Life’s Setbacks Push Julian Williams to Succeed


Julian Williams began leaping the hurdles of adulthood as a homeless 13-year-old in North Philly. His mother, June Williams, wrestled substance abuse and his father, Khalif Dingle, was incarcerated.

“I was living in a shelter but going to school every day. Nobody really knew about it,” said Williams, 27, now a premiere 154-pound contender who began boxing as a 12-year-old. 

“You just push through those tough times. I got a permit and started working when I was 14. It was rough. I knew shit wasn’t normal, but it wasn’t going to be that way forever.”

June died of congestive heart failure in 2013 a month prior to her son’s September clash with Hugo Centeno Jr. During training for Centeno, Williams made weekend visits from his native Philadelphia to his ailing mother in North Carolina.

“I was planning my mother’s funeral during training. She was living with my sister. My brothers and I would ride down knowing she was sick, but not to the point where she would die,” Williams said. 

“After she passed, it was heart-wrenching. Trying to focus on boxing was extremely difficult. I started getting calls from [advisor Al Haymon] asking if I wanted to pull out, and I said, ‘No, I wanna fight.’”

Yet the iron-willed “J-Rock” rebounded from his mother’s passing and the Centeno disappointment with a third-round TKO of Orlando Lora that December. His 4-0 mark in 2013 was comprised of three knockouts and a unanimous decision over former champion Joachim Alcine.

Before suffering a fifth-round KO loss to then-154-pound champion Jermall Charlo last December, Williams had scored three straight knockouts, won 53 consecutive rounds and 16 fights in a row (10 by stoppage) since a six-round draw against Francisco Santana in May 2011.

“In boxing, when you fall down, you get back up and keep fighting. No need for panic mode. Hiccups happen. It’s behind me,” said Williams, a father of 2-year-old daughter, Zara.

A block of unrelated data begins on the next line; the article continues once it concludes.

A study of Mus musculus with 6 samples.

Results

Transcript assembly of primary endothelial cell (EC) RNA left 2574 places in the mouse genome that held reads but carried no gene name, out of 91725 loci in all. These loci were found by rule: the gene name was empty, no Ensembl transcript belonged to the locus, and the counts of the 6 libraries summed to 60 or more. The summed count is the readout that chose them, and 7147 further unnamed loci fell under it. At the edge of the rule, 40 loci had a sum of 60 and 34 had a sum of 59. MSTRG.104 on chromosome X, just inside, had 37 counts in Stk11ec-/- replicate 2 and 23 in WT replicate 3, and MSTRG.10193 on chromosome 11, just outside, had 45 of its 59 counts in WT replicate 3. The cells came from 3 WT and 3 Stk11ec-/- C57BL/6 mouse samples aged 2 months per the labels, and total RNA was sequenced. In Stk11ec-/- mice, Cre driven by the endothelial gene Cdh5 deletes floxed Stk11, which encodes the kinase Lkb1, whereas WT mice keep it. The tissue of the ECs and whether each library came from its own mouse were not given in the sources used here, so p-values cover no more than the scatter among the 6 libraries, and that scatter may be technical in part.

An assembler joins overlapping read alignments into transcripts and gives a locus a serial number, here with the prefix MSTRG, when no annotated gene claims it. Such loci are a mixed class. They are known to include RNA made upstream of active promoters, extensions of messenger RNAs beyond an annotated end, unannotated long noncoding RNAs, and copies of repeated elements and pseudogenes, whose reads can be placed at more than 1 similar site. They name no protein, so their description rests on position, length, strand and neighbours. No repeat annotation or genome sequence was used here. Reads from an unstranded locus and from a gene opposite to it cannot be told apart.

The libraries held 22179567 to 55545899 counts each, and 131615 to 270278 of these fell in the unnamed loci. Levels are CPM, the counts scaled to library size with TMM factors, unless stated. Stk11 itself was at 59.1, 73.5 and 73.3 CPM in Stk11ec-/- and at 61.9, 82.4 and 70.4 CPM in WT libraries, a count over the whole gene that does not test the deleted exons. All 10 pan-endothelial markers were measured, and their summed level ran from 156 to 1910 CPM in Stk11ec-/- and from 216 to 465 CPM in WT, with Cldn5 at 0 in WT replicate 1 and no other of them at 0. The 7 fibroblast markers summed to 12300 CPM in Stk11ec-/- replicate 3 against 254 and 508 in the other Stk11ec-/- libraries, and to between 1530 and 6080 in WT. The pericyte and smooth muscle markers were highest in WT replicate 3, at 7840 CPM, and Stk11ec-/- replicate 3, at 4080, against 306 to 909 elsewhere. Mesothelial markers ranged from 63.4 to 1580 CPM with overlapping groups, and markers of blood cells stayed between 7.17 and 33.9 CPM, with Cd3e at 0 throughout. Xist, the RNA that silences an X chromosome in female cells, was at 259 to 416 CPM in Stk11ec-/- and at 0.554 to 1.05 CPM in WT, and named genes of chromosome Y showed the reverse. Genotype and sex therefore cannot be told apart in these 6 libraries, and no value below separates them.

“Life goes on, and so does my career. Taking a loss doesn’t mean you can’t be a world champion and a great fighter, and it’s certainly not bigger than the loss of my mother.”

Life goes on, and so does my career. Taking a loss doesn’t mean you can’t be a world champion and a great fighter, and it’s certainly not bigger than the loss of my mother. 154-pound contender Julian Williams

Williams (23-1-1, 15 KOs) leaves his native Philadelphia for Saturday night’s bout against 39-year-old Ishe Smith (29-8, 12 KOs), facing the resilient, savvy former world champion in his hometown at The Cosmopolitan in Las Vegas on Bounce TV (9 p.m. ET/6 p.m. PT). 

“I’m excited to be fighting in Las Vegas,” said Williams, who is 2-0 with a no-contest in the city known as the Fight Capital of the World , and is coming off a seventh-round TKO victory over hard-punching Joshua Conley in June. “Ishe’s a solid fighter who brings a lot of experience to the table, but I have some of my own experiences as well.”

Stephen Edwards met a 17-year-old Williams in his Philadelphia home through his amateur trainer in December 2007 while hosting a fight party for Floyd Mayweather’s knockout victory over Ricky Hatton.

“My initial impressions were of a determined, goal-driven kid,” said Edwards, 41, a relative to Williams’ amateur coach, Kenny Mason, who became his trainer in 2009 and professional coach a year later. 

“As coach, you become a surrogate father and mentor, advising him beyond his abilities as a good fighter. Year’s later, Julian’s a good father doing well, financially, purchased properties, has a stock portfolio. He’s preparing for life after boxing.”

 That includes a strong bond with Dingle. 

“I’ve always had a tight relationship with my father,” said Williams. “There were some tough moments he went through that affected me as well. But when he came home, he got on his feet and we didn’t dwell on it. We moved on.”

 Meanwhile, Zara’s the spitting image of June Williams. 

 “I definitely see a lot of my mother in Zara,” said Williams. “She looks so much like my Mom it’s scary.”

Williams was 11-0-1 with six knockouts after his Las Vegas debut in January 2013, a seventh-round TKO of Jeremiah Wiggins who dropped to 10-2-1 (five KOs).

 Williams last Las Vegas appearance was a unanimous decision over Elezer Gonzalez in September 2014. The battle of unbeatens improved Williams to 17-0-1 with 10 KOs, ending Gonzalez’s streak of six consecutive knockouts.

 In between was Centeno at the MGM in Las Vegas. Williams led Centeno, 30-27, on all three cards when a fourth-round clash of heads caused cuts over the left eye of both fighters, forcing the no-contest.

“Centeno would have been the biggest win of my career at the time. I was extremely pissed off that it didn’t happen. I thought the referee made a bad call. It was aggravating after training so hard, but you’re not going to always get the outcome you want,” said Williams. 

“You fall off of a bicycle, dust yourself off and get back on. Kids don’t have to be athletes to be considered a success. If my story inspires them to get off their ass and get a high school diploma, that’s an achievement. What’s more important – my mother or a boxing match? If I can get through that, I can get through anything.”

For a complete look at Smith vs Williams, visit our fight page.